Osmosis is the phenomenon whereby a high concentration of water passes through a semi-permeable membrane to an area with a lower concentration of water. By using just an egg and a few other household materials, you can put together an experiment demonstrating osmosis, which is a process necessary to both plant and animal life.
Create a Shell-less Egg
Put an egg in a clear glass filled with vinegar and cover the container. The outside of the egg should get bubbly. Then, put the container in the refrigerator for 24 hours. Pour the vinegar out carefully and gently pour in fresh vinegar to cover the egg. Put the container back in the refrigerator for another 24 hours. Gently scoop the egg out without breaking the membrane. The outside of the egg is now just the membrane. The acetic acid of the vinegar will have broken up the calcium carbonate crystals, thus dissolving the shell. Note the size of this "naked" egg compared to a regular egg.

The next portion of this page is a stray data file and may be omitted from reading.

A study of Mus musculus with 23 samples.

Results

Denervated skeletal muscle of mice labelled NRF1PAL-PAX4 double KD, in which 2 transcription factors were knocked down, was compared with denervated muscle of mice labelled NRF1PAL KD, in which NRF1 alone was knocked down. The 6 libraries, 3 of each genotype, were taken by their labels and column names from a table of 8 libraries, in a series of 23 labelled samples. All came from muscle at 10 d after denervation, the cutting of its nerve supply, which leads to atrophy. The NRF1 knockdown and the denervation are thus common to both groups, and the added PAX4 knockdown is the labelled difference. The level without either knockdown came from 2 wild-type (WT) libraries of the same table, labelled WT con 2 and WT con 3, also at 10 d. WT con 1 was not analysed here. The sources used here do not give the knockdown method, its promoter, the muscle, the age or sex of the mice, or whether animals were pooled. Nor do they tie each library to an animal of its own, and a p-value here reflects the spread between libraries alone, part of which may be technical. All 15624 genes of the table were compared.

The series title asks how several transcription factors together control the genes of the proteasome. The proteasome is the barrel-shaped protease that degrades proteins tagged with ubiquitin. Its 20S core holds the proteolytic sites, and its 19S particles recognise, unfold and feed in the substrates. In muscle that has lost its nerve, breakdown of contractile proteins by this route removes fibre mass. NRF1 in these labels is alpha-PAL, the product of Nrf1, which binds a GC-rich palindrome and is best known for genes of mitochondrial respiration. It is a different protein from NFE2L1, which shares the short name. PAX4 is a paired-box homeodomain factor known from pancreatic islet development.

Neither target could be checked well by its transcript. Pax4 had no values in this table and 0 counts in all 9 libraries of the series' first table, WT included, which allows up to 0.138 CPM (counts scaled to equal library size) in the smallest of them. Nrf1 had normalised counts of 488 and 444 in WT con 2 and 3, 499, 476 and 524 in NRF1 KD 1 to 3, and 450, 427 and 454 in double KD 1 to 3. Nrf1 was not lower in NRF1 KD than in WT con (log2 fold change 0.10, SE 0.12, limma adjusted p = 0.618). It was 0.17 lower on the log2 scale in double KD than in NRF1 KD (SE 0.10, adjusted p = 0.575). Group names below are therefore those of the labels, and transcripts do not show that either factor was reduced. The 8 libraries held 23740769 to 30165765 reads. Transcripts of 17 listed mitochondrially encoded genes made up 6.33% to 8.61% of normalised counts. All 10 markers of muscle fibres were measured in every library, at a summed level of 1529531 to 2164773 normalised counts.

Shell-less Egg in Food Coloring
Put a few drops of food coloring in a container filled with water. Insert a single shell-less egg (as per the experiment above) and leave it covered overnight in the refrigerator. Record your observations the next day. Because the water solution in the container has a higher concentration of water than the egg, water will pass into the egg, thus changing its color.
Shell-less Egg in Corn Syrup
Create two shell-less eggs using the first experiment. Put one egg in a container covered with water and put the other one in a container covered with corn syrup. Refrigerate these containers overnight. Unlike water, corn syrup has a lower water concentration than the egg. The egg covered in corn syrup will be smaller than the egg covered in water because water will pass from the egg into the syrup.
Hard-boil an egg then put it in a closed container covered with vinegar. Leave it in the refrigerator for two days. Remove the egg, take off the shell and rinse it. Feel the texture of the egg. Try dropping the egg from a low height. The egg should bounce. Do not try this with an uncooked egg, which will break apart.
About the Author
Lexi Sorenson has been writing professionally since 2008. She has published articles in periodicals such as "The Maryland Gazette," "The Hamilton Spectator" and "Make." In addition to blogging, she writes fiction in her spare time. She received her Bachelor of Arts in English literature from McGill University.